Which + its antecedent.

The following example is mine, not taken from any authentic author; but it attempts accurately to emulate many sentences I have read:

Yet a certain problem still persists in this society, which problem has been handed down from one generation to another.

Could it be that a writer is allowed to do so to avoid the syntactic ambiguity of whether "which" refers back to "society" or "problem"? Now of course the rest of the sentence may clarify for the reader what the antecedent for "which" is (without having to mention it); meaning that ". . . handed down from generation to another" gives the impression that the antecedent is indeed "problem." But still, could the combination of "which" followed by its antecedent "problem" be used to give the reader a more fluid and smooth reading experience?

  • It may, for all I know, improve reading clarity, but like all archaic formulations, it's distracting. This is another variety of pied-piping, which variety repeats the noun antecedent, turning which into a modifier instead of pronoun. It's cumbersome, and it's consciously archaic -- or will be read that way. If this is a legal document, however, this does not apply. Laws and decisions have used this for a long time, and legal language is sposta sound archaic, the harder to understand it. – John Lawler Aug 11 '14 at 21:17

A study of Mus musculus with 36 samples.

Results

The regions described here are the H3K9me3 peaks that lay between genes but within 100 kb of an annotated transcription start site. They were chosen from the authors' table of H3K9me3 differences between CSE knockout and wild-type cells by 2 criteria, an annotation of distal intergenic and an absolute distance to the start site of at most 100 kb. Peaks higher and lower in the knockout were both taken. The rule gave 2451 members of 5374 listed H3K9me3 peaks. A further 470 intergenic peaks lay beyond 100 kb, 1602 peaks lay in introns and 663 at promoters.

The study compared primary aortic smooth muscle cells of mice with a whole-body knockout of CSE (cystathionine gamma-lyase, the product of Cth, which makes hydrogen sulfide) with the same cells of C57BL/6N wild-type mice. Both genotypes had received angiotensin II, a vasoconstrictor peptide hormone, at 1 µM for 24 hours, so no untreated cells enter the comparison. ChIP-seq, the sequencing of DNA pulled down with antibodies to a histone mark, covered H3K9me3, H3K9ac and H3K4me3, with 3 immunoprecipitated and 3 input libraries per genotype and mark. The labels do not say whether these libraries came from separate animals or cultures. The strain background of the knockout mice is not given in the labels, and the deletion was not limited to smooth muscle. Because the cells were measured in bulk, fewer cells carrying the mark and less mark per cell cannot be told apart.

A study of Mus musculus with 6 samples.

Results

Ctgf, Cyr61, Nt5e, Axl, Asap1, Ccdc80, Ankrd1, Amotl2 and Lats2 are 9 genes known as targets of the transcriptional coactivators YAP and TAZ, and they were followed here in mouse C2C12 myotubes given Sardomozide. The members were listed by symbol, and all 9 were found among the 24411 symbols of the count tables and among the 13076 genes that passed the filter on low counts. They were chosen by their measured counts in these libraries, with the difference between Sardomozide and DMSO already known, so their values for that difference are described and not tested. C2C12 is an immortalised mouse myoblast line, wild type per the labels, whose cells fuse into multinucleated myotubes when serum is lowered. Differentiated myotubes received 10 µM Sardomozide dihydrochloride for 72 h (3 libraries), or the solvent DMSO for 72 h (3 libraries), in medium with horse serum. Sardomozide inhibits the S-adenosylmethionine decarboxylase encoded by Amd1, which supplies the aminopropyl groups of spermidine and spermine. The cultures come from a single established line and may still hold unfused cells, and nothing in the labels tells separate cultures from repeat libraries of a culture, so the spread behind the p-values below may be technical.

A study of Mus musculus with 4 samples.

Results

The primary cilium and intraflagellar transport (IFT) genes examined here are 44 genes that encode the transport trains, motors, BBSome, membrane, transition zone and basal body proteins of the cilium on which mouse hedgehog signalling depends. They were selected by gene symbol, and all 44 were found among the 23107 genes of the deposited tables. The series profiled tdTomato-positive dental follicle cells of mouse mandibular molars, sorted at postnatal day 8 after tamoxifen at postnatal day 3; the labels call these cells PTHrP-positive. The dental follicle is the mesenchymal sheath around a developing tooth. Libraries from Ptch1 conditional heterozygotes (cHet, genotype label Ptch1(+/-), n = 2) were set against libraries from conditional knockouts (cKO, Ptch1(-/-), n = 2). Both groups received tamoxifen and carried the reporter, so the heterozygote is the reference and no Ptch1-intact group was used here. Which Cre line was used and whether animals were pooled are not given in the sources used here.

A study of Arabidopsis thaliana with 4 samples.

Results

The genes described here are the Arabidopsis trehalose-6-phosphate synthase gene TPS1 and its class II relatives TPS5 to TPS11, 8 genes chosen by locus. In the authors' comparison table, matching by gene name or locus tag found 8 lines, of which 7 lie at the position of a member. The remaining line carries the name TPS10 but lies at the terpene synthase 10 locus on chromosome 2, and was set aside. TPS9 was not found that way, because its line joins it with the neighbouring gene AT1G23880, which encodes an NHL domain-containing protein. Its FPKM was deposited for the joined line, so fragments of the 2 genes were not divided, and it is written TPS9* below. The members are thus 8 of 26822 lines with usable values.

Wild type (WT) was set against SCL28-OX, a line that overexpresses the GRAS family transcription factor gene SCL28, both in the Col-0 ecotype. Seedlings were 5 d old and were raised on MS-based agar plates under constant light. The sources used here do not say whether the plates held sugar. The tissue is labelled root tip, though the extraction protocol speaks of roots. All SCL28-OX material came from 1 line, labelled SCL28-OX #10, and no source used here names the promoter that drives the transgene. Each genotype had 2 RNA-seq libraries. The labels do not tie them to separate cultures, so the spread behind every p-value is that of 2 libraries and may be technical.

• @John Lawler: I Couldn't help my curiosity. Is a there a reason why you emboldened 'sposta' besides that it's spoken? Also, did you type "which variety" on purpose, as a creatively contextualized example of the phenomenon? Or was it an a coincidence? – asef Aug 11 '14 at 23:24
  • @asef: To contrast it with not sposta, of course. And, yes, I often try to demonstrate the grammatical points I'm discussing. The more examples the better, especially if they arrive subliminally. Plus, if you know what you're doing, language is great fun to mess with. – John Lawler Aug 11 '14 at 23:28

Relative determiners:

which (quite formal and archaic, as in He acquired two dogs and three cats, which animals were then...);

also

whichever and whatever (which are of the type that form clauses with no antecedent: I'll take whatever money they've got).